Andrea Kuszewski   Mar 3, 2012   Rogue Neuron  

What happens in your brain when you experience pleasure? Why are fantasies so powerful? Why do our brains love dopamine so much? Why do some images arouse, while others turn us off? Why are the most attractive people often not the ones we are most drawn to sexually? How can you create the longest neurological orgasm possible?

I will be writing a series of articles centered around the topic, The Science of Pleasure. Because there is soooo much good information on the science of how and why we derive pleasure from certain things, I felt this should be a series of articles, rather than trim it down to one post. Sound exciting? Well, it IS.

This first article will explore the concept of symmetry and attractiveness. Research has suggested that we are drawn to and consider symmetrical faces more attractive. I am not disputing the fact that symmetrical faces are considered or rated as more attractive. I just don’t think we always prefer them. Instead, we tend to be be sexually drawn to faces that are slightly less symmetrical. I’ll explain…

Our brains like symmetry; we find it soothing and comforting. However, we are drawn by nature to complexity (It is important to note, however, that complexity is different than chaos). Our brain likes algorithmic patterns- we interpret these automatically and without consciousness much of the time. Minimal effort is required to interpolate the visual stimuli, and since our brain likes efficiency, it gives a calming, soothing effect.

From an evolutionary standpoint, symmetry implies fitness to reproduce. Animals and organic objects with a great deal of symmetry are generally without genetic flaws, and thus more likely to reproduce and have viable offspring. It would make sense that these are preferred for purely mating purposes.

However, when it comes to what we are drawn to for the sake of pleasure or romance, we tend to prefer complex, interesting, not-always-perfectly-symmetrical patterns. Several studies have been done on facial symmetry (here’s a summary)- babies prefer looking at symmetrical faces, and adults rate symmetrical faces as more attractive. Interestingly, while we may judge symmetrical faces as more attractive, those aren’t always the ones we are most drawn to sexually or romantically. How many times have you felt mesmerized by someone’s looks, and you can’t quite explain why? We tend to go for the people with more interesting or exotic features, slightly asymmetrical- still beautiful, but not too perfect.

So why this phenomenon?

We are intrigued by things that don’t quite seem to fit. When we see a symmetrical, algorithmic pattern, our brain can interpret it quickly, and we feel at ease. However, if there is a non-symmetrical pattern or complex design, our brain lingers on this info to try and decipher it. This gives us a slightly uneasy feeling, yet we are drawn to it and fascinated by it at the same time. Our brain will stay focused on this information longer, to try and spot the inconsistency.

When things don’t quite fit, we are in a state of dissonance. We think we should feel one way, yet we are pulled another way biologically, which forces us to process the stimuli longer. The longer we perceive and interface with something, the more of an attachment we form with it.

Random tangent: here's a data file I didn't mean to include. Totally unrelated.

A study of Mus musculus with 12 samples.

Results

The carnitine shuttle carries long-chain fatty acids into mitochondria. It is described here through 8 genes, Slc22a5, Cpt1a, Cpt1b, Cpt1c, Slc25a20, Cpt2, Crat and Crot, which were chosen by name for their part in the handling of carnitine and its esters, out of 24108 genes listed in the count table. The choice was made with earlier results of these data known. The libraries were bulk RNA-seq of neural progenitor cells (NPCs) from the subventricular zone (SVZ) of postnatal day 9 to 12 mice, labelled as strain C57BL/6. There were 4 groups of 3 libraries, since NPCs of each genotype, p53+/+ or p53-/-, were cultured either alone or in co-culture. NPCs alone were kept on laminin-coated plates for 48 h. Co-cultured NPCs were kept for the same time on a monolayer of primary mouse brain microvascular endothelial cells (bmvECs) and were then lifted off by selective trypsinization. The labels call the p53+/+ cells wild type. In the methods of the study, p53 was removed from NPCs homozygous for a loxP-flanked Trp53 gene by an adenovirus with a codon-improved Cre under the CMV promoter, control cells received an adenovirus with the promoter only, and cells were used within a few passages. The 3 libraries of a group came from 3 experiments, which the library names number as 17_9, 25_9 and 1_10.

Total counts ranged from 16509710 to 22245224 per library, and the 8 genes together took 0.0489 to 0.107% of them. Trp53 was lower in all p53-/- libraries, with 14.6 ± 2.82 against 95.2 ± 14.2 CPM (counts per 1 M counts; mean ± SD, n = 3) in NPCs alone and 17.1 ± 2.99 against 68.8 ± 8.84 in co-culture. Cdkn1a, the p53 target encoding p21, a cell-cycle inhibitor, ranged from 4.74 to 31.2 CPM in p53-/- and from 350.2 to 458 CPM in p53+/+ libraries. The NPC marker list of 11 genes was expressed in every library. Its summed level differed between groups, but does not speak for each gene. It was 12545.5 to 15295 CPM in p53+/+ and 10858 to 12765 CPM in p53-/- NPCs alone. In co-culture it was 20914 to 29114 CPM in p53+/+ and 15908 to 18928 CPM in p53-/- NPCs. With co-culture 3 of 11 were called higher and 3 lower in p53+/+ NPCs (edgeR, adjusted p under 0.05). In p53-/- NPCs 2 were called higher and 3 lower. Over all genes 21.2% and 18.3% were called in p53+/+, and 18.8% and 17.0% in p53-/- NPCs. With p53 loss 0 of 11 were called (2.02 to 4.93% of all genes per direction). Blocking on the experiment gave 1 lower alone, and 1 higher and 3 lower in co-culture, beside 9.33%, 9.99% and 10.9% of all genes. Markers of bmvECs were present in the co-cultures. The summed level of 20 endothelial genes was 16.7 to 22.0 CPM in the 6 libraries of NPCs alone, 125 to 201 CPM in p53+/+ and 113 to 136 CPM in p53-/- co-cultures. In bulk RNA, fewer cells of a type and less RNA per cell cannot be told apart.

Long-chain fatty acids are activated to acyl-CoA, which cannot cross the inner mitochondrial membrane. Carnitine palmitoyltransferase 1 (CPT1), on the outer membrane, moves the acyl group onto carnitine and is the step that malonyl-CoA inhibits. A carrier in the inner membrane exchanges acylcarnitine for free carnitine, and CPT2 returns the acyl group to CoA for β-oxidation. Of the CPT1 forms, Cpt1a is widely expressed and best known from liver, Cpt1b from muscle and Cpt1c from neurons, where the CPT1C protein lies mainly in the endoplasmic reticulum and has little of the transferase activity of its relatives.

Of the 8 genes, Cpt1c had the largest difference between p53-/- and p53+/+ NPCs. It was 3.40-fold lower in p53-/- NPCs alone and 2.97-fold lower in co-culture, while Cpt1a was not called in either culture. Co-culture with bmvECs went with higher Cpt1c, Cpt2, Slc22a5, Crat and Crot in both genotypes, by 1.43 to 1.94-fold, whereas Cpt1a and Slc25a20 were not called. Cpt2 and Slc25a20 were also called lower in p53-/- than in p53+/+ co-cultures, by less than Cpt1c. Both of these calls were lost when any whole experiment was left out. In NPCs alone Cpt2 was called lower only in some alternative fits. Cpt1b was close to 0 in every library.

Denzel- very attractive man. No denying that.

This may be why we can intellectually label a symmetrical face like Denzel Washington as more attractive, but be more drawn sexually to someone like Joaquin Phoenix (pre-beardedness). We visually interpret their features longer, so naturally we form a greater attachment to them, and thus find them more alluring.

Ooooh la-la, Joaquin! Muy caliente!

Now, it is important to notice that I said “slightly” asymmetrical features are more sexually alluring. In some of the studies I looked at, where they had digitally enhanced “symmetrical” vs “asymmetrical” faces, they went a little overboard with the asymmetry. In fact, some of the asymmetrical faces looked downright deformed. You can’t cross over into ‘genetically unfit’ or ‘chromosomal abnormality’ territory and use that as a comparison to a symmetrical face when judging attractiveness. Of course a person who appears to have an eyebrow sliding down their cheek is going to be judged as less attractive. The small differences in symmetry, while still being classified as attractive, make a huge difference in appeal. If something is too perfect, it just isn’t as interesting.

Perfect symmetry is boring, from your brain’s standpoint. Calming, yes. Pretty, yes. Exciting? Not so much. Asymmetry has some novelty to it. Novelty triggers dopamine and norepinephrine, which in turn motivates us, excites us, and yes- even fuels addictive behaviors in some circumstances. Is it any wonder why we feel inexplicably drawn to that mysterious stranger that just walked into the room?

So while we may sit people down for a psychological study, show them photos, and ask them which people are more attractive, that does not necessarily mean those are the people they’d rather date or have sex with. I think someone should design a study comparing THAT. Because perfection is not always sexy. A little mystery almost always is.

Remember this: Take comfort in the fact that while your physical appearance may not be perfect, it might actually work out to your advantage sexually and romantically.


To read the next article in the Science of Pleasure series titled: Your Brain on Sexual Imagery - click HERE.

Andrea Kuszewski, an Affiliate Scholar of the IEET, lives in San Francisco and works as a researcher and manager with VORTEX Research Group. She investigates the neurocognitive factors behind human behavior.